I've gone to the gym three times this week, and since I overdid it on squats (trying to impress a new friend, silly I know) so I think I'll take today off. I was having a really hard time at the beginning of the week letting the sads get to me, but I've kept myself too busy since then to get down. It also helps when I am reading a book-- make that TWO books that have me taking longer 15-minute breaks than I should: Jane Eyre and The Girl with the Dragon Tattoo.
I started reading Jane Eyre when I was 15 or 16, but got distracted by other things. Then in my senior year of college, I was in a Women in Modernism class (woefully unprepared) where we read Jean Rhys's Wide Sargasso Sea. Not only was I completely adrift in modernist and feminist theory, it was a novel from the perspective of Rochester's first wife in Jane Eyre. Since I had never read the first book, I was not exactly sure how to grasp the second. So, I am reading that first classic and going back and reading Wide Sargasso Sea. I'm surprised how much I like it, but if you'd ever seen me watching a Jane Austen film adaptation, you can imagine I'm slack jawed with anticipation or talking out loud to the characters. I started reading it again with the awareness of how mental illness and race is treated in it, and I feel bad about how much I am enjoying it (not the racism or ablism). From a feminist perspective, Jane is in turn very independent and knows who she is, but her attachment to Rochester is kind of gross if you step back and look at it. But, as patronizing as he speaks to her, when he called her his "little mustard seed", it makes my heart wiggle. Humans are strange things.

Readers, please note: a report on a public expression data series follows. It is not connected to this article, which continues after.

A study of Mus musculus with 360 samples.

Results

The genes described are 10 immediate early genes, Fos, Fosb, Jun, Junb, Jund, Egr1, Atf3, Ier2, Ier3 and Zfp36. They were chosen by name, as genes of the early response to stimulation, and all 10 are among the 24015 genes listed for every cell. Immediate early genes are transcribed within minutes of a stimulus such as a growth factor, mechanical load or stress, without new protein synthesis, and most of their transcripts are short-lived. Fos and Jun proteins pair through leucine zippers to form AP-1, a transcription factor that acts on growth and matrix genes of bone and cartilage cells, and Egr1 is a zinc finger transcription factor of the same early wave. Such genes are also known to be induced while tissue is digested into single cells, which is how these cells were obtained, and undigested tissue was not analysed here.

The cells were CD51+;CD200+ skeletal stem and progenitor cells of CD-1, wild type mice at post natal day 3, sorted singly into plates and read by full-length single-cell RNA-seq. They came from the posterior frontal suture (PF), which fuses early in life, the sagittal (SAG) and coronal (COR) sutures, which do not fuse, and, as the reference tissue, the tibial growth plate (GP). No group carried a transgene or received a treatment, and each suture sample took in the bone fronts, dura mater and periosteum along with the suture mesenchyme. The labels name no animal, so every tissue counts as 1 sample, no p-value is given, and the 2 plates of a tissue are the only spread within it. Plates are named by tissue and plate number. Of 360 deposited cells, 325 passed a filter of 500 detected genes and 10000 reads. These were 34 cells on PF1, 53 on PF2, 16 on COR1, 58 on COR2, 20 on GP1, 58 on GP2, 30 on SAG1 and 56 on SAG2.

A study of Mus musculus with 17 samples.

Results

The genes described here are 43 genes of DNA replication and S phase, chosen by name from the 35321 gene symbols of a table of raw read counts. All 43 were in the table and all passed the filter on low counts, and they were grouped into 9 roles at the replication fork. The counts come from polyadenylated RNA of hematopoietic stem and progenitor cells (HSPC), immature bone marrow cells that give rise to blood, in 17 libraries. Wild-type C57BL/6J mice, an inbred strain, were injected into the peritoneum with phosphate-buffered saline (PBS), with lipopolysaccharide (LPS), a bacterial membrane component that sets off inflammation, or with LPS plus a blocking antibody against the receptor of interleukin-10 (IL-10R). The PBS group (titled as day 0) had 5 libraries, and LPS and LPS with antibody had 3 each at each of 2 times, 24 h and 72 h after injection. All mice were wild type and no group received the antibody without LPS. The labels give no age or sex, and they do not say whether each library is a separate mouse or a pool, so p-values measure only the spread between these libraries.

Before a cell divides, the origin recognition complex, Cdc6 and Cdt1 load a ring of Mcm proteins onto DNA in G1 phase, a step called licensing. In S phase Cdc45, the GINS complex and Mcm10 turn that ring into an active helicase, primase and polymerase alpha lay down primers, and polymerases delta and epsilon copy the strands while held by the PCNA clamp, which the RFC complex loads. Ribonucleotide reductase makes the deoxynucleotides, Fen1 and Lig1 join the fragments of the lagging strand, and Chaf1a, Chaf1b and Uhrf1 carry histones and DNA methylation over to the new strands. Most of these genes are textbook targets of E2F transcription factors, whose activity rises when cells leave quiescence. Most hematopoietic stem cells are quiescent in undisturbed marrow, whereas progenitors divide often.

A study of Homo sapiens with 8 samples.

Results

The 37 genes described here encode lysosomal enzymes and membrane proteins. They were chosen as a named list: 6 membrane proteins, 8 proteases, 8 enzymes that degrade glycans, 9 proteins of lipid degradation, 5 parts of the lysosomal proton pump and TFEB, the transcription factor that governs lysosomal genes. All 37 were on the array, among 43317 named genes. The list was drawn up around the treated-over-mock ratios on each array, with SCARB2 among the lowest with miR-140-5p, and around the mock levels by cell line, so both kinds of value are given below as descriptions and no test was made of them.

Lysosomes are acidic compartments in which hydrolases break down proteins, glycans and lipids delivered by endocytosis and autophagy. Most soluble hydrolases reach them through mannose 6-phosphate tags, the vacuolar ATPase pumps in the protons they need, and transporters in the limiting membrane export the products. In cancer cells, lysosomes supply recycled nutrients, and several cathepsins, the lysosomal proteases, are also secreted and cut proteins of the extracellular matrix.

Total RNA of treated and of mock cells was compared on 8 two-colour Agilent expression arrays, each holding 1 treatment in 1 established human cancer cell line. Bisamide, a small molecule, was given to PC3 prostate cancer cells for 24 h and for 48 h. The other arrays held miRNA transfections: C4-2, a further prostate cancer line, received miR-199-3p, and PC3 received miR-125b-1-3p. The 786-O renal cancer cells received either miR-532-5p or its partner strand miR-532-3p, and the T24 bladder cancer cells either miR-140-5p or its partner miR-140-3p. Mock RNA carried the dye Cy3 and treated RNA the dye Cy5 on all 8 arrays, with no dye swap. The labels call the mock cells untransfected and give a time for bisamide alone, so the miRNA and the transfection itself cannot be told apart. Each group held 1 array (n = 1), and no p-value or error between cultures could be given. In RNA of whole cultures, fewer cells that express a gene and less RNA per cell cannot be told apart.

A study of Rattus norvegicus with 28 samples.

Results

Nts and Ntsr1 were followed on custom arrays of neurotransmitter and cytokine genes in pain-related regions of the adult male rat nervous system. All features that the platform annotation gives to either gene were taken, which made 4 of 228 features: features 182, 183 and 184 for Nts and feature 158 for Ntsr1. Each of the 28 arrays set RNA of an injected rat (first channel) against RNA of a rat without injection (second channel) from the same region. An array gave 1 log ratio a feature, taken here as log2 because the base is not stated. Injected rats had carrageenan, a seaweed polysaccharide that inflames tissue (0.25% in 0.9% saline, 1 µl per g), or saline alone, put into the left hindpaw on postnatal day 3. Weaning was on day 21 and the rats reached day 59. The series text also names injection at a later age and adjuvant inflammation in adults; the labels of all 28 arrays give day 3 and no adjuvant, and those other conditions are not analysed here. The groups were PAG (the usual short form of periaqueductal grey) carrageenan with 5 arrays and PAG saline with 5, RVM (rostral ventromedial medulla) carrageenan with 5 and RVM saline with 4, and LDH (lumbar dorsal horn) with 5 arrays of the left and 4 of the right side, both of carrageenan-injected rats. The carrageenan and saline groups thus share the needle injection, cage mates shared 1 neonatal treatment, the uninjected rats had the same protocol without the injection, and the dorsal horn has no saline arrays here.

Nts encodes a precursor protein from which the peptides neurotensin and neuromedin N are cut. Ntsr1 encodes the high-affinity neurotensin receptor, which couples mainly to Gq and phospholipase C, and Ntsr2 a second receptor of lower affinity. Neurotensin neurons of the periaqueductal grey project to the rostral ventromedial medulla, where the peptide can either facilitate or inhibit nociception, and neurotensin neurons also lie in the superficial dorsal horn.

The Girl with the Dragon Tattoo was a really great movie, and is an even better book. I am so happy it's a trilogy. I will admit I was a snob at first, avoiding it because it sounded like a trendy Young Adult novel about one more mysterious beautiful lady who is magic, ignoring her as a person and casting her as a mystery*. Not so! Lisbeth Salander, the books' female protagonist, is neck and neck with Ellen Ripley right now. I am glad she exists. She is smart, independent, and flawed. Bad shit has happened to her. She's reacted in ways that I do not agree with but understand. The books are about murder, dysfunctional families, ethics, journalism, mysteries, technology and a little romance. I cannot recommend them enough. I'm excited about a weekend with no plans and this and Jane Eyre in my hands.
Once I get up the front steps of my house (with my legs killing me from those damned squats) I will post myself on the couch and not get up until Monday morning.
*The original title in Swedish is Män som hatar kvinnor, which translates to "Men who hate women". It's interesting to see how things get changed for an American audience. I think that would have perked my ears.